When Ohio couples are preparing to divorce, they should understand that alimony is deductible by the person who pays it and taxable to the person who receives it. If alimony is likely to be owed by one spouse to another, keeping the tax implications in mind during the negotiation process is important.
It is equally important to understand what cannot be deducted as alimony. Amounts that are paid for child support are never deductible by the payer and are similarly not taxable to the payee. It is important to clearly list the monthly portion that is alimony and the monthly portion that is child support in any agreement or property settlement.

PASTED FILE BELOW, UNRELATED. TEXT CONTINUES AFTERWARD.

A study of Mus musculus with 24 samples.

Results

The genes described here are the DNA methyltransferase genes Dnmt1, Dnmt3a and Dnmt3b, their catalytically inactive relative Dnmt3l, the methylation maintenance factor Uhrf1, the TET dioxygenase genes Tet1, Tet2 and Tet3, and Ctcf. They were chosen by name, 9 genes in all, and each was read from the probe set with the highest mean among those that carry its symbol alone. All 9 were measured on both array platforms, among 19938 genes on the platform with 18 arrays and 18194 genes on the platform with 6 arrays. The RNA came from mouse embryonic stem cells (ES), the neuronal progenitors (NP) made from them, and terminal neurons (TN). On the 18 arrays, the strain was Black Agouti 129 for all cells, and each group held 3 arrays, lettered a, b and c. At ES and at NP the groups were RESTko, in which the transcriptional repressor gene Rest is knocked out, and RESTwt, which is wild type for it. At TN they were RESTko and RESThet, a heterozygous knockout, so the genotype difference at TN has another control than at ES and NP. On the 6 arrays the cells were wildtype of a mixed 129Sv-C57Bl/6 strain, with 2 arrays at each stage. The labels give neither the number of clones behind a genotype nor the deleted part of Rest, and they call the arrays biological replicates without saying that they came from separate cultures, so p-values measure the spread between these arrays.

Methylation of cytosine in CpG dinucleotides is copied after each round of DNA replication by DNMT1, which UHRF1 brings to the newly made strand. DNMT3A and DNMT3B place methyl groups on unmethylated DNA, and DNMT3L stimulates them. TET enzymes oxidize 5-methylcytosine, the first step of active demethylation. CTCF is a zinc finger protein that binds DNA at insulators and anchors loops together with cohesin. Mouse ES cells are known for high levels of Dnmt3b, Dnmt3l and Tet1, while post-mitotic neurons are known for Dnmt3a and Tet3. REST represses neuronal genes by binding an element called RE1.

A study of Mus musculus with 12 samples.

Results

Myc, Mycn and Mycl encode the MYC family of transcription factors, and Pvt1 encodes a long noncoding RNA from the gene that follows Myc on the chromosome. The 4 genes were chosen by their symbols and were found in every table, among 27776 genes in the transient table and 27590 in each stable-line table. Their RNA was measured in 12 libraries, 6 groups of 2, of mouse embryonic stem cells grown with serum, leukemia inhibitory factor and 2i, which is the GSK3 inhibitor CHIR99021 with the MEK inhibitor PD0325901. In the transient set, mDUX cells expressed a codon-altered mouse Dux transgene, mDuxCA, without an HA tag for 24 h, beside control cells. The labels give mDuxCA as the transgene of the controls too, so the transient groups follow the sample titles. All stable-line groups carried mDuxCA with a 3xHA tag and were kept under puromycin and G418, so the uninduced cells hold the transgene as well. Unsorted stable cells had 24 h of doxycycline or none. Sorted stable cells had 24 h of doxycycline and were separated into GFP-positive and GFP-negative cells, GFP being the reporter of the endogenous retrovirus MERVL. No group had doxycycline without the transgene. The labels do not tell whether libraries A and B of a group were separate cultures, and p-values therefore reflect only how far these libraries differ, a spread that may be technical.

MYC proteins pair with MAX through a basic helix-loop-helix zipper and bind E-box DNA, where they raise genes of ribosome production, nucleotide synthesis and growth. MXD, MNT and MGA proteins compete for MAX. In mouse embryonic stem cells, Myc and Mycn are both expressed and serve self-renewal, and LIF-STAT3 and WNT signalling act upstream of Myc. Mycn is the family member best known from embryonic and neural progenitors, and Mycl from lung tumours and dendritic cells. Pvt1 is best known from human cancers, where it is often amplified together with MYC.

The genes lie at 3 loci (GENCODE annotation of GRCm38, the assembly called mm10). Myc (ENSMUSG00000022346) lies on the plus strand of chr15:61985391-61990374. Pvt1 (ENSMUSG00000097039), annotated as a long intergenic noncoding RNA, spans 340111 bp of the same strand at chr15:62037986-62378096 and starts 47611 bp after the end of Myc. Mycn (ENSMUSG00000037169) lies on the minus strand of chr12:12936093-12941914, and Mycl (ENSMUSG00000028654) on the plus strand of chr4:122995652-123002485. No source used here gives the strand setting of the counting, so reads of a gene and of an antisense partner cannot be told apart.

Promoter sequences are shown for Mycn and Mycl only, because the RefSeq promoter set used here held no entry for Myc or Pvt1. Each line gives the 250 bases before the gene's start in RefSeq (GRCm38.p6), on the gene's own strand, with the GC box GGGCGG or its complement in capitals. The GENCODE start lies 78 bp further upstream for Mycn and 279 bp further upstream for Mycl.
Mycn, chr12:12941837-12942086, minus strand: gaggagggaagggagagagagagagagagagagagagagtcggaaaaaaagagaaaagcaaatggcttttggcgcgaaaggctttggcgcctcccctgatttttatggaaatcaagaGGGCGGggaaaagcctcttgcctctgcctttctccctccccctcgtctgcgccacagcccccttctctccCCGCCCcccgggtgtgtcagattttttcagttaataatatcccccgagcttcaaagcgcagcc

To be deductible, IRS regulations state that the alimony must be in the form of cash or another cash equivalent and the payments must be made pursuant to a divorce settlement or agreement. They also cannot be listed as being nondeductible in the divorce documents. Finally, alimony payments cannot extend beyond when one spouse passes away. In a recent Colorado decision, the court found that court-ordered alimony payments were not deductible for one man. The alimony was triggered when the man fell into default on his child support payments. Since they were entered as a judgment that would survive the death of either spouse, he could not deduct his alimony.
When people are going through a divorce and alimony is likely to be ordered, it is important that they keep the tax implications in mind. They may want to seek the help of a family law attorney to help with negotiating any agreement and then with drafting the documents with language that clearly defines the payment amount and tax responsibilities of each party.